My question is: Why would they leave out printing in 13"x19" in a printer that is supposed to be so good. If it prints like they ay and uses new inks then why didn't they make it complete to print on larger paper so photographers and artists could use it. I was waiting for the Canon Pixma Pro9500 until I found out it won't be released until 2007. So I was all set to buy the Epson but the largest it prints is 8x10.




Just a WAG though (wild assed guess)

Professional/advanced amateurphotographers like pigment based printers because they produce photos that can last as long as 100-200 years (depending on the photo papers) when displayed. They last even longer when inside an album.

The R800/R1800/R2400 printers are targeted for these photographers. The R1800 and R2400 can print up to 13x44 inches.

BTW, I understand that the delay with Canon'sannounced printerisdue toproblems with getting the pigment based ink out of their print head/nozzles.



According to Epson.com, the R380 has "fade resistant, up to 200 years album storage." From WIR, the R800 has over 200 years with the R1800 stated as over 300 years (printed on Epson Premium Glossy)and over 400 years in album storage on some paper types. The R800/1800 is also quoted to have over 250 years (framed behind UV filter) or 200 years (framed behind glass) on Epson Watercolor Paper, and over 150 years (framed behind glass) on Epson Heavyweight Matte.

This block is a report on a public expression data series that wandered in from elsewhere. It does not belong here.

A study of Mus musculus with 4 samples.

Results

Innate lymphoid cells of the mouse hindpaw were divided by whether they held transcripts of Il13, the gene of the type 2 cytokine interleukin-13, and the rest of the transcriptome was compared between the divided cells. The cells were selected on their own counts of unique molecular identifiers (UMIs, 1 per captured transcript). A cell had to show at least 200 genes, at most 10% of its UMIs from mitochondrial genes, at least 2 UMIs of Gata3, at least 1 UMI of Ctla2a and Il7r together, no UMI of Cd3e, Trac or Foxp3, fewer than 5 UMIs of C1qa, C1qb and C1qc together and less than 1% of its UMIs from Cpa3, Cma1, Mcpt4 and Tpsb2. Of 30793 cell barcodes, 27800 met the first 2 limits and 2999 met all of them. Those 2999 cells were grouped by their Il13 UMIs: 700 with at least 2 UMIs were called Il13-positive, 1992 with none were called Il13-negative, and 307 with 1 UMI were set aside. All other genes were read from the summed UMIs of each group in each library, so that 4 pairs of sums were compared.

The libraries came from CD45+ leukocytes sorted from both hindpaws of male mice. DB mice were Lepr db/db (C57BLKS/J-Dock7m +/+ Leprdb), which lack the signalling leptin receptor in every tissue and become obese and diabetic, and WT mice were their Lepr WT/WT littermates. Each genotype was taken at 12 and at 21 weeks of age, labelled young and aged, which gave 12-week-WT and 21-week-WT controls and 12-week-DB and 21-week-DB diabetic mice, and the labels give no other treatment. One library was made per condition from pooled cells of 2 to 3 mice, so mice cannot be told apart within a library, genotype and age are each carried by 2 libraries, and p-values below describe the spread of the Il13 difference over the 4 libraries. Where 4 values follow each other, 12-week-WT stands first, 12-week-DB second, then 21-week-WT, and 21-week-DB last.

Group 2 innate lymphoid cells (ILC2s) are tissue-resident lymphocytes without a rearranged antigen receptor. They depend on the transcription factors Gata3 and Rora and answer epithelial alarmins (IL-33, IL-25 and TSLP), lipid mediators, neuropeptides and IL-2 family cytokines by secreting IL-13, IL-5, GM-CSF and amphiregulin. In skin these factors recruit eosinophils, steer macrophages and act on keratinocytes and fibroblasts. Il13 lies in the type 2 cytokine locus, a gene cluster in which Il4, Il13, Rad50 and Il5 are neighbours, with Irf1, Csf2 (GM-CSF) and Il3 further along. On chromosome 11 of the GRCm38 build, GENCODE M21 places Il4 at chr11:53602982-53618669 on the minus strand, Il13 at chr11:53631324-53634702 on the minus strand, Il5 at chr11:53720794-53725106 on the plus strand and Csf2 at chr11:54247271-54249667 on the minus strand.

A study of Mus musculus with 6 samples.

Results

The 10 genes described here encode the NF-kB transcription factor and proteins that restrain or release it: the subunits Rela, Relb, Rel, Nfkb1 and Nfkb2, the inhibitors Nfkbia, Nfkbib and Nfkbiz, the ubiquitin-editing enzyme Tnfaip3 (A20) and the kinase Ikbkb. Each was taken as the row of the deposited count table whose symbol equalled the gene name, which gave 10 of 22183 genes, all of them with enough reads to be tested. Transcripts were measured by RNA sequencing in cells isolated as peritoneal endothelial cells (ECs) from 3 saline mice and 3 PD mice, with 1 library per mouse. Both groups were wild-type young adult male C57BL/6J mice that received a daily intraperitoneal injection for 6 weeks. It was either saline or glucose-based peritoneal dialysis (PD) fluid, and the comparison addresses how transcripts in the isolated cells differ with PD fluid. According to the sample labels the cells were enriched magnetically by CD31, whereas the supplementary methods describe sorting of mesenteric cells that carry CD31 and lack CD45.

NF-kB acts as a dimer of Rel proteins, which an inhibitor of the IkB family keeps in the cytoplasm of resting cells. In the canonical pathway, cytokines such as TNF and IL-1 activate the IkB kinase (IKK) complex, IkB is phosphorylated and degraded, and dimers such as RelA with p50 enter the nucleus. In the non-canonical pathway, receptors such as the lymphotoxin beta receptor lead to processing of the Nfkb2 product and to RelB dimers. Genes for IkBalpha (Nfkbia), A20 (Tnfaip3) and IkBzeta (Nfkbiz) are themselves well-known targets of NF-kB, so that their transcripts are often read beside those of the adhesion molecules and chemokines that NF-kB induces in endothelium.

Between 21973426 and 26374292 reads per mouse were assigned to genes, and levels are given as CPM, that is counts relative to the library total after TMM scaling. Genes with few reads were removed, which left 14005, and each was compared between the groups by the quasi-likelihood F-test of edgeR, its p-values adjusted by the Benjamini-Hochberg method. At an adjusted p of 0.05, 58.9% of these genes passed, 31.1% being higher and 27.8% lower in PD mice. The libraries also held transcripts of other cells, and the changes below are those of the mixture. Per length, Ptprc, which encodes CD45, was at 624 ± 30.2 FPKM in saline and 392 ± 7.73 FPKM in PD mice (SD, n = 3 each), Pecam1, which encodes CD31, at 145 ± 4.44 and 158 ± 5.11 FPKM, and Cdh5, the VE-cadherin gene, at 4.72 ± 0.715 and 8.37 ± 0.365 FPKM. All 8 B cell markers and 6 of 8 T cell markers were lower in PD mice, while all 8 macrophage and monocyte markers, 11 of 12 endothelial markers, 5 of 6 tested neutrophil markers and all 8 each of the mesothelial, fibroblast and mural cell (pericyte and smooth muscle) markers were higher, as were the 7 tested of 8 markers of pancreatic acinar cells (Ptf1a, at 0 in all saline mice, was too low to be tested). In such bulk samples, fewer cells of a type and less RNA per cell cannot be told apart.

It looks to me like Epson are stating the raw-edge figure for the R380, while the R800/1800 figures are conservative. Still, if they're quoting over 100 years - does it really matter how many centuries more thanonewe get? :G


JSR... that was my husband's reaction too! He's like... how long do you think you're going to live for??? :?
I think it's also worth remembering that the tests done by WIR are described as "before noticeable fading occurs". I'm not sure if the R380 figures come from WIR but if they say "over 100 years", it doesn't mean that you'll wake up on New Year's Day on the 101st year and suddenlysee a plain white sheet of paper! :lol:


I think they also say that when they state "over" a certain period (100, 200, or 400 years, for example), that's just when they stopped testing. One printer with an "over 100 years" figure and another with an "over 200 years" figure, might be fading at the same rate as each other.

Personally, I look at the figures from the tests, halve them (to account for worst case scenario), and if the result is over 50 years, that'll do me.